Attorney General Andrew Cuomo has received the endorsement
of nearly every newspaper in the state - big and small, upstate and
downstate - in his bid for governor.
His opponent, Carl Paladino, has two, his staff say. The New York Sun,
which publishes online only, and another small paper aides couldn't
remember the name of on Monday.
Paladino said Monday he didn't care.
"We didn't go around asking for endorsements from people, from
newspaper boards," Paladino said in Lockport at a campaign rally.
In fact, Paladino did not visit one newspaper editorial board to seek
its endorsement after he won the Republican primary on Sept. 14. While
newspaper endorsements are seen as less important in the era of the
Internet, most candidates still sit down with editorial boards, and an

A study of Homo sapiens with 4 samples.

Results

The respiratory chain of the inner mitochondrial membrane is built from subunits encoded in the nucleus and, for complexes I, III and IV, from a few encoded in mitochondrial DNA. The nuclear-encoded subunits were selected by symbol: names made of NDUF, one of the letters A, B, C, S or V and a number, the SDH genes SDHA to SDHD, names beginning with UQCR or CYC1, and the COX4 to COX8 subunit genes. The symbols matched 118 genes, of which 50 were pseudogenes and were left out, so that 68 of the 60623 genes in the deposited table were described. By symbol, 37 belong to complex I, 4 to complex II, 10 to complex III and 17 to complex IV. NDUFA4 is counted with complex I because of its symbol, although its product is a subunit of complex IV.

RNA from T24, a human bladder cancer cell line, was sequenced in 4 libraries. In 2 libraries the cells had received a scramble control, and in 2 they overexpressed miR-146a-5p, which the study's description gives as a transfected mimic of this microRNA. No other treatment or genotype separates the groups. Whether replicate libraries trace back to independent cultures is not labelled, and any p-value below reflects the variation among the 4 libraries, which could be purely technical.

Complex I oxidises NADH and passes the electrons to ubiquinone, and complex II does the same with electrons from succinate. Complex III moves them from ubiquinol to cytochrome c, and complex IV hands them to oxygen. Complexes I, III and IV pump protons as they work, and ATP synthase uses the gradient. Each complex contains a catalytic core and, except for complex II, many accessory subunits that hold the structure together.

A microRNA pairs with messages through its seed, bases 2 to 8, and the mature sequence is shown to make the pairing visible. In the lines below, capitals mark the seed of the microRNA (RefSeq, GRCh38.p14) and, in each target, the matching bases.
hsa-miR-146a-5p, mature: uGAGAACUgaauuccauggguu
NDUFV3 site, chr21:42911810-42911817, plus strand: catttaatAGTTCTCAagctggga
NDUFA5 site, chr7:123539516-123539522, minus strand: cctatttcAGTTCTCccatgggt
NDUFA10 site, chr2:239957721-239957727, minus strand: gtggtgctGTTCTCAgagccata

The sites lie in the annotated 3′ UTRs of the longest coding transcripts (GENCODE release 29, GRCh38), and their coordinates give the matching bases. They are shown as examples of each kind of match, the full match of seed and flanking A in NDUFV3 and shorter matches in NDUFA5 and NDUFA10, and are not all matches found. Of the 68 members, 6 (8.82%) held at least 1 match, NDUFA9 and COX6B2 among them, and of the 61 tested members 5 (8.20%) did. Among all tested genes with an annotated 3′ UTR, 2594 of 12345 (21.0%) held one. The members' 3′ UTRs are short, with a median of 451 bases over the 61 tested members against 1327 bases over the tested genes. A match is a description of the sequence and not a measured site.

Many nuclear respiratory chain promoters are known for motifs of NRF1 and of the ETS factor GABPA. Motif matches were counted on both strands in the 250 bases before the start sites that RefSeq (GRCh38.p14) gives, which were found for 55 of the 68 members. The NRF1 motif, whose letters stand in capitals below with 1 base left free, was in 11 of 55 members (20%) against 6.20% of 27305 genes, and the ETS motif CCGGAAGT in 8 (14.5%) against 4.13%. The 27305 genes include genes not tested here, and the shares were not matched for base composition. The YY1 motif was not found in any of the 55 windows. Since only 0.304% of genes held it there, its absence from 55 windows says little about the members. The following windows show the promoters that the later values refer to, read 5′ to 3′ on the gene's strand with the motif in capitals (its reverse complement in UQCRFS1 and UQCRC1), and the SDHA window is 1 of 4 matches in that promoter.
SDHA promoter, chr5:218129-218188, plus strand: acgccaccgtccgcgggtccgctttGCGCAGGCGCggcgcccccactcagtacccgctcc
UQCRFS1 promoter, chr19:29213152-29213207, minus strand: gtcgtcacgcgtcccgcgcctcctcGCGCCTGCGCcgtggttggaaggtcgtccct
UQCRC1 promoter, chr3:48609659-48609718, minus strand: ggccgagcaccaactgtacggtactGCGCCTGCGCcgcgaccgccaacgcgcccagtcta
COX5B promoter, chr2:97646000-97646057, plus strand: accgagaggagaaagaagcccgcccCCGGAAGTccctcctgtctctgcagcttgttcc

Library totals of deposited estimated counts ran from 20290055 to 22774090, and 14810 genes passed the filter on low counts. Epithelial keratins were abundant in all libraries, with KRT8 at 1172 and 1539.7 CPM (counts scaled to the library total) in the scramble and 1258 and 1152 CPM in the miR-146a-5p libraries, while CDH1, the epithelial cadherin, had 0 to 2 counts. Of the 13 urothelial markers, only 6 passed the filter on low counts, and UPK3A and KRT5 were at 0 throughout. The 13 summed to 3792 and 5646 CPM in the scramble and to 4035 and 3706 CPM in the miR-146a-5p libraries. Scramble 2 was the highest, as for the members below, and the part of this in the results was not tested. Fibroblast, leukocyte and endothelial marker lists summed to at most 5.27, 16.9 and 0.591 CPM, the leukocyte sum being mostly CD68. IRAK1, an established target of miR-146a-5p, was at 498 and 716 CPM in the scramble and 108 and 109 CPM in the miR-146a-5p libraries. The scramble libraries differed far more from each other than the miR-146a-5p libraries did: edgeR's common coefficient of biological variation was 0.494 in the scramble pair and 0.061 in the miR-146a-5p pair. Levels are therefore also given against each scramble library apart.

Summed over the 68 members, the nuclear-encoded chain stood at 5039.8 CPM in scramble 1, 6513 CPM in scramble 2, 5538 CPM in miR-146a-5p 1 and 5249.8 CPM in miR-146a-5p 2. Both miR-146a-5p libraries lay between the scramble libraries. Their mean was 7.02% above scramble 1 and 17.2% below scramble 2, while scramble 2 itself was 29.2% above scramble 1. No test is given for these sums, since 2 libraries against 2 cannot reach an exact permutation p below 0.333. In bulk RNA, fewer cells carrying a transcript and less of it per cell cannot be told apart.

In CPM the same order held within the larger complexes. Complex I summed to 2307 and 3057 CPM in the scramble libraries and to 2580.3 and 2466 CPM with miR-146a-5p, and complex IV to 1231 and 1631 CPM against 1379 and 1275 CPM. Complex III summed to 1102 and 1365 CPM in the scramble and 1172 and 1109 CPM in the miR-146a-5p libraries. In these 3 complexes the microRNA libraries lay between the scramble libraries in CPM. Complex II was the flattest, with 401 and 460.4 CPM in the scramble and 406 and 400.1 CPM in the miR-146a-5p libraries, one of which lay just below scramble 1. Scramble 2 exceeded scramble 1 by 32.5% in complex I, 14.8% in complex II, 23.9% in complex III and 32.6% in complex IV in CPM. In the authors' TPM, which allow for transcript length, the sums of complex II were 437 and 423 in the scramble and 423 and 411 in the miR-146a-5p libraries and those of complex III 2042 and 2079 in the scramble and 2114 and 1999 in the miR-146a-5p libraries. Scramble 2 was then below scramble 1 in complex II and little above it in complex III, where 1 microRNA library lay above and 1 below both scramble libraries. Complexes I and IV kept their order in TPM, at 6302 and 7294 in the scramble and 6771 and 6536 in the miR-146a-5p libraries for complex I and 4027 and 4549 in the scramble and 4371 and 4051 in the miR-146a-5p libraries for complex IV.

endorsement is often seen as more helpful to insurgent candidates than
for establishment types who are expected to get them.
But Paladino, who has battled with his hometown paper, the Buffalo
News, saw the meetings as a waste of time, said campaign manager
"It was Carl's plan and we agreed," Caputo said.
The candidate did speak with nine newspaper editorial boards before
the GOP primary, including the New York Times and the New York Post,
Caputo said. But the effort didn't get results, he said.
"Most of them would not give us a chance anyway," Caputo said.
A Cuomo spokesman said the attorney general met with several newspaper
editorial boards to seek their endorsement for the general election.
Paladino's supporters have been upset by the lack of endorsements. Tea
party activists burned copies of the Buffalo News, which endorsed
Cuomo, in a Buffalo area park last week. And an announcer at
Paladino's final campaign rally Monday night told hundreds of
supporters to cancel their subscriptions.
"And when you do, tell them why," the announcer said.